I’m really not a Drake fan. To be completely honest, I’ve only listened to a handful of his songs, mainly the “bangers” over the years, and he’s never been my artist of choice. I understand the widespread appeal of his music — it’s catchy, there’s a nice blend of rap and R&B, doused in some Caribbean rhythms, not to mention the fact that Drake was on Degrassi all those years ago. Still, Drake’s standard melodic lines often bore me, as they are monotonous, and he’s not the most vocally gifted.
Listen to Drake’s More Life on Spotify:
Despite my qualms, I listened to More Life last week. I wanted to hear something new and I decided that out of all my options — mainly a subpar Discover Weekly and a handful of overused playlists — Drake’s collection of tracks seemed the most promising. I was more curious than anything, interested to hear whether he had tried something new.
As I played the playlist’s first track, “Free Smoke,” I found myself incredibly confused. I knew the voice of the singer in the opening, though I could tell that her voice had been tuned up and alternatively produced. The style and even the lyrics seemed uncannily familiar, and after some scoping on the Internet, I realized it was none other than Hiatus Kaiyote.
Hiatus Kiayote is an eclectic, neo-jazz-funk-soul-rock collective, and it’s incredibly difficult to describe their style and do it justice. In a nutshell, they’re a slightly avant-garde group that hasn’t hit the mainstream arena yet. Their singer, Naomi “Nai Palm” Saalfield, is unreal. She has an incredible range and brings saccharinity and lyrical complexity to their music. Nai Palm’s voice on Drake’s album came out of nowhere for me, but his choice to include it in his opener drew me to the album. I thought: if he featured Palm on the very first song, maybe there would be other hidden gems throughout. The reality was that I was more interested in Drake’s samples and featured artists than him.
This is not the first time that Hiatus Kaiyote has been featured on a hip-hop artist’s album. Anderson .Paak captured the opening from “Molasses,” another track off of Choose Your Weapon, in his song “Without You.” Unlike Drake’s sample, Kaiyote’s track is integral to .Paak’s composition. The keyboard riff, layered with Nai’s vocal humming, plays throughout .Paak’s entire track. He additionally blends his own vocals and layers a new melody on Nai’s. In this case, his song and Kaiyote’s emerge as different entities, yet I’m able to appreciate both for their creative value. I didn’t feel the same about Drake’s track.
The featured song, “Building A Ladder,” is the concluding track on Hiatus Kaiyote’s 2015 album, Choose Your Weapon. It’s a jazzy, vocal-heavy track that displays Nai Palm’s versatility. Drake samples a portion of the opening, with just Palm’s voice accompanied by an intricate piano. The original song picks up in the second half and gains the infamous, polyrhythmic groove and instrumentation that make it stand out. While I hoped that Drake would feature more of the original song, “Free Smoke” quickly transformed into a heavy, repetitive, musically lacking track.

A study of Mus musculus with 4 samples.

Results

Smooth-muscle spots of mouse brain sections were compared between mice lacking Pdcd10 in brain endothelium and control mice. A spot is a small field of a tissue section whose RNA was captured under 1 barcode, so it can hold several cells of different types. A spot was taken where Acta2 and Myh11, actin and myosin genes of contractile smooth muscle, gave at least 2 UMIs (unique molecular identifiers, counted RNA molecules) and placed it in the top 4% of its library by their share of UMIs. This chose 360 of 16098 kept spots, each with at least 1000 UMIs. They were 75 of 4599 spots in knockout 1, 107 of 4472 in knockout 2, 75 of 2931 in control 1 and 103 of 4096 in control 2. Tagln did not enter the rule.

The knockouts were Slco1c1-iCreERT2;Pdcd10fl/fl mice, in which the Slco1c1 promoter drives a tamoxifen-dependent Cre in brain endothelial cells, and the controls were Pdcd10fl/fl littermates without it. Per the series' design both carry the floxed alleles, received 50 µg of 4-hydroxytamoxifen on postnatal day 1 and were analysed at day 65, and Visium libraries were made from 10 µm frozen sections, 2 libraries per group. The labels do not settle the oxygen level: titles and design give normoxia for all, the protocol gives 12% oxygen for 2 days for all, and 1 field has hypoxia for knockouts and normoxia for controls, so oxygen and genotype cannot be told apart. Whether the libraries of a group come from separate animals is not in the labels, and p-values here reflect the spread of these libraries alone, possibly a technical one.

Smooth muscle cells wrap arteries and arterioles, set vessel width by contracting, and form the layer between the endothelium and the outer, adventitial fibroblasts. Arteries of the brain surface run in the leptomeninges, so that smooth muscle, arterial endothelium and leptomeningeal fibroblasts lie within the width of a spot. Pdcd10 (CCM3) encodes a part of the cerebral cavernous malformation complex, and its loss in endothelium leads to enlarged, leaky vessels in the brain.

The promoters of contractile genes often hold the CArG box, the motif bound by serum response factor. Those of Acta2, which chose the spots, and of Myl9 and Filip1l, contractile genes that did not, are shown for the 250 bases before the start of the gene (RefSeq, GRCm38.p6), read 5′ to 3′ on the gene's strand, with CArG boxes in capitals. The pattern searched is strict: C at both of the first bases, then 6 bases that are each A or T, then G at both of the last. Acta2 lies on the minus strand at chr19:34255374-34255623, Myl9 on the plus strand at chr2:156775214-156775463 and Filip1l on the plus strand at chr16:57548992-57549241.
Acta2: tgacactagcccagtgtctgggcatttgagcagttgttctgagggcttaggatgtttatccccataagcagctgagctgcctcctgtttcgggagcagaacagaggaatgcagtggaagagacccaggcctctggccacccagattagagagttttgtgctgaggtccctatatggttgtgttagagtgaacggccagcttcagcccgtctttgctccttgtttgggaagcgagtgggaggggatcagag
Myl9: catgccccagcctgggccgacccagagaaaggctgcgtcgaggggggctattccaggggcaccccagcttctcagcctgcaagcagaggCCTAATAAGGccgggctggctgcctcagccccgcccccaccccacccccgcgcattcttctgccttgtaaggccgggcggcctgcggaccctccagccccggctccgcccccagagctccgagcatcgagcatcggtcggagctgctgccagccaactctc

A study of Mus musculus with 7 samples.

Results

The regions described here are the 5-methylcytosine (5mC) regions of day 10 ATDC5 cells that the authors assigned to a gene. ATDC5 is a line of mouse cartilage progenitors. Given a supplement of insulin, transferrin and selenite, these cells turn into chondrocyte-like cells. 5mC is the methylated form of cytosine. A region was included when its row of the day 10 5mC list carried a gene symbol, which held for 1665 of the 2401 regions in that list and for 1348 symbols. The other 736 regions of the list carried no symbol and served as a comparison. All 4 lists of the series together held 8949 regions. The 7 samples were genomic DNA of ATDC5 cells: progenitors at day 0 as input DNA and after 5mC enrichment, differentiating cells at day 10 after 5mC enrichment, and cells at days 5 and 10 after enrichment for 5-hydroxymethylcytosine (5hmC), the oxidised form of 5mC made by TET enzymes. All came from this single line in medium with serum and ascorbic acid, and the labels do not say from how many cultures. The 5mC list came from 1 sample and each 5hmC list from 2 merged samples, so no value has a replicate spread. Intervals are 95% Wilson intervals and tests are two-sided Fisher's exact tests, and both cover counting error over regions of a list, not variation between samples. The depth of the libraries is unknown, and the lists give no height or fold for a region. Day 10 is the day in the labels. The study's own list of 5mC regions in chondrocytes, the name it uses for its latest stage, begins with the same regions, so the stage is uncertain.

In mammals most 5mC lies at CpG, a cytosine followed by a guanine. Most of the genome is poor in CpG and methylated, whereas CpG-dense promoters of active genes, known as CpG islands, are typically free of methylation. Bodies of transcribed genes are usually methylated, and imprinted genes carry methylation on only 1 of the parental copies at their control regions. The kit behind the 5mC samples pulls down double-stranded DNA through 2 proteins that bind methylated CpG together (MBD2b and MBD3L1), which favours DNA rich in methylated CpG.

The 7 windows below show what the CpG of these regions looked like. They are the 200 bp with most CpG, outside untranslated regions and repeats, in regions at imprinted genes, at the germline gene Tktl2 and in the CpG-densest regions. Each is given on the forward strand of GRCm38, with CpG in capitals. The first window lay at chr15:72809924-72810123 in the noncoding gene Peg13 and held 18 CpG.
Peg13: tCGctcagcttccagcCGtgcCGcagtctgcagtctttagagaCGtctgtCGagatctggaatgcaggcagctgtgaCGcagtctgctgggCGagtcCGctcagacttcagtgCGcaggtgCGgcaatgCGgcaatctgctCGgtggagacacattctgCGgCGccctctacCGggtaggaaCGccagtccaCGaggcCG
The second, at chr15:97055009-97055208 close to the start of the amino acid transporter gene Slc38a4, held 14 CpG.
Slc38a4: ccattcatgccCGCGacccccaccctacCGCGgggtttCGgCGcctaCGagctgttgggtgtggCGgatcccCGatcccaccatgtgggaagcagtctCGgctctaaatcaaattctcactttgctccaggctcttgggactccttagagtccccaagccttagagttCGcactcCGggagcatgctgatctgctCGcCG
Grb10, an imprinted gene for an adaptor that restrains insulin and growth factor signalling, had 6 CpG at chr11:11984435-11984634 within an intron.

As I continued listening to More Life, I hoped to hear more interesting samples or featured artists. A few tracks later, I found another voice I recognized — the wonderfully emotional Sampha. In the playlist’s eighth track “4422,” Sampha sings alongside some slower rhythms, his voice proving to be the most striking aspect of the song. Drake doesn’t make an appearance; the short track is minimally composed around Sampha’s soothing voice. Sampha is not a new featured artist for Drake, as he also collaborated on “Too Much” off of Nothing Was the Same. Incidentally, “Too Much” is still my favorite Drake song — it showcases Drake’s talent as a rapper and has a gripping hook by Sampha, which adds to the song’s lyrical narrative. While “4422” does captivate via Sampha’s tone, it proves to be yet another song on Drake’s album that falls a bit flat.
I suppose what makes an artist interesting is more than their singular talent — it’s also about how they reference others. Drake’s choices to feature a variety of artists, ranging from Hiatus Kaiyote and Sampha to Kanye West, makes him an intriguing figure for someone like me, who isn’t a huge fan of his music. Still, at the end of the day, I’d much rather listen to Hiatus Kaiyote or Sampha individually, rather than indulge in heavily produced versions of their music.
Anita Alur is a senior in the College of Arts and Sciences. She can be reached at firstname.lastname@example.org. Millennial Musings appears alternate Wednesdays this semester.